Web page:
Do concealed weapons make us safer? Stanford study suggests otherwise | Arkansas Blog

Do concealed weapons make us safer? Stanford study suggests otherwise


States that have enacted right-to-carry (RTC) concealed handgun laws have experienced higher rates of violent crime than states that did not adopt those laws, according to a Stanford scholar.

Examining decades of crime data, Stanford Law Professor John Donohue’s analysis shows that violent crime in RTC states was estimated to be 13 to 15 percent higher – over a period of 10 years – than it would have been had the state not adopted the law.

The working paper, released this week by the National Bureau of Economic Research, challenges the effectiveness of RTC laws and could have a significant impact on pending litigation between the National Rifle Association and the state of California.
Arkansas has had a right to carry law (on a journey) for two decades and a concealed carry permit law for a decade. It expanded the right just this year to allow guns to be carried in more places, including bars,  college campuses and government buildings including the Capitol.

The Stanford summary of the research by Donahue, who's done this type of work for years, has a few points sure to trigger howling from the Trent Garners and Charlie Collinses of the world.

“There is not even the slightest hint in the data that RTC laws reduce overall violent crime,” Donohue stated in the paper.

To put the significance of a 15-percent increase in violent crime in perspective, the paper notes that “the average RTC state would have to double its prison population to counteract the RTC-induced increase in violent crime.”

The increase in crime came despite increased rates of incarceration and law officer employment.

Guns CAN have benefits, Donohue acknowledged, but "conflicting effects almost must be considered."

RTC proponents often overlook how often gun-carrying leads to lost and stolen guns, which are then in the hands of criminals.

Moreover, one can incur all of the costs of buying and carrying a gun, only to find that a criminal attack is too sudden to effectively employ the gun defensively. Donohue cites a 2013 report from the National Crime Victimization Survey that showed in 99.2 percent of the violent attacks in the United States, no gun is ever used defensively – despite the nearly 300 million guns in circulation in the country today.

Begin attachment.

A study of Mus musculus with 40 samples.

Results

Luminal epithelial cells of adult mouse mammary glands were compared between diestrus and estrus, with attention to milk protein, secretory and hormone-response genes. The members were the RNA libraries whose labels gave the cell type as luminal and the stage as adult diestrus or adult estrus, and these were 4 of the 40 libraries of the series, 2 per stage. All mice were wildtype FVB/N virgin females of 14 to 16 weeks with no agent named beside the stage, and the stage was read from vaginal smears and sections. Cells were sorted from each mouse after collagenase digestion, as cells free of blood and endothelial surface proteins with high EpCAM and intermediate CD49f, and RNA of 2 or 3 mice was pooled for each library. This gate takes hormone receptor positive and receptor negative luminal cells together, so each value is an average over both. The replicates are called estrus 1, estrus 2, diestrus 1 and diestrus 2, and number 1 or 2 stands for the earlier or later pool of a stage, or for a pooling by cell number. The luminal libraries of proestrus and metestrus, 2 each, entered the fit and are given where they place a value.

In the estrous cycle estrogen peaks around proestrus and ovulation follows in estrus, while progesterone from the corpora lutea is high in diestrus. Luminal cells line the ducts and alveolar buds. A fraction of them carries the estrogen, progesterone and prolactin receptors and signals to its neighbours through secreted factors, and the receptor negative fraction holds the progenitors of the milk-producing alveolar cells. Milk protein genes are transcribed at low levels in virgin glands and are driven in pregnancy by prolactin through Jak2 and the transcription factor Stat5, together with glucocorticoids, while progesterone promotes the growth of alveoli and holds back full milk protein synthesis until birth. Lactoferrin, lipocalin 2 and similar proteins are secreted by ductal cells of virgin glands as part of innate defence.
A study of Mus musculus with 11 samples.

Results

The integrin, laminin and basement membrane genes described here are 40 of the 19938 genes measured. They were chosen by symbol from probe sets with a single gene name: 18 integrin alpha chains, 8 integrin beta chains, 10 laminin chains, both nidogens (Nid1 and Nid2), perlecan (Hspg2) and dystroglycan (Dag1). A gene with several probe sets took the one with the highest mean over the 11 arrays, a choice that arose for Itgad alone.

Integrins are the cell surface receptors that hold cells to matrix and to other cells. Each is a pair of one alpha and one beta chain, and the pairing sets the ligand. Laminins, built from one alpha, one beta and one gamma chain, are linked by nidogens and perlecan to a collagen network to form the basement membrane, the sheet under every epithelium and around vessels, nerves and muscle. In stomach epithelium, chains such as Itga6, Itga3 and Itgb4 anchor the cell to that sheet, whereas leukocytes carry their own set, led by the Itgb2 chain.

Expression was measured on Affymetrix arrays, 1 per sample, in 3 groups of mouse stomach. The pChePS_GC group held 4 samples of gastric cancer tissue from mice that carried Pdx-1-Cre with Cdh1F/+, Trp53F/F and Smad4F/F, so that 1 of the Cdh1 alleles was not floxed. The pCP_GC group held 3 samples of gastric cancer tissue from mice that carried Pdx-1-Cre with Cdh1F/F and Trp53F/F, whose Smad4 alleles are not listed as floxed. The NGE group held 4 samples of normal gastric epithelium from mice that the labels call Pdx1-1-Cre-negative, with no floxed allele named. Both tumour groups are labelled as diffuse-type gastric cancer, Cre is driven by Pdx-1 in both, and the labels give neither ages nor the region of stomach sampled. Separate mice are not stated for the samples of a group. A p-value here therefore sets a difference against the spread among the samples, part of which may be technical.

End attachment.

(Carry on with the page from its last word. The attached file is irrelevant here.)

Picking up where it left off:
For most Americans, said Donohue, carrying a gun to avoid a criminal attack is similar to thinking that having a weekly brain scan will save your life, without considering the potential hazardous effects.
And Donohue doesn't mention the regular news of accidental shootings in households with guns, often by and of children.

Donohue's paper shows Arkansas at about the median in increase in crime rate among concealed carry states, at roughly 14 percent over 10 years. We know it's not a result of cutting people loose from our bulging prisons.

The study notes, among others, the obvious impact of how a permit might put a gun in the hands of someone who wouldn't otherwise have one and then use it. (George Zimmerman, for example.) Defenders of concealed carry point to a small return of permits by violators. Says Donohue:

First, official withdrawals clearly understate criminality by permit holders. For example, convictions for violent crime are far smaller than acts of violent crime, so many permit holders would never face official withdrawal of their permits even if they committed a violent criminal act that would warrant such termination.

Moreover, official withdrawals will be unnecessary when the offending permit holder is killed. In the nightmare case for RTC, two Michigan permit holding drivers pulled over to battle over a tail-gating dispute in September of 2013 and each shot and killed the other. Again, without permits this would likely have not been a double homicide, but note that no official action to terminate permits would ever be recorded in a case like this
Donohue argues that the "culture of gun carrying" promotes confrontation.

If you are an angry young man, with somewhat of a paranoid streak, and you haven’t yet been convicted of a crime or adjudicated to be a mental defective, it is likely that the ability to carry a gun will both be more attractive and more likely in a RTC state. That such individuals will, therefore, be more likely to be aggressive once armed and hence more likely to stimulate violence by others should not be surprising.
Furthermore, more armed people means an ever growing source of guns for criminals. And the presumption that many people are armed may make legal challenges less likely. It certainly makes matters harder for police, who have more to fear in a traffic stop. That, in turn, can lead to terrible consequences, such as the police slaying of a permitted Minnesota driver who was apparently reaching for his wallet, not his gun.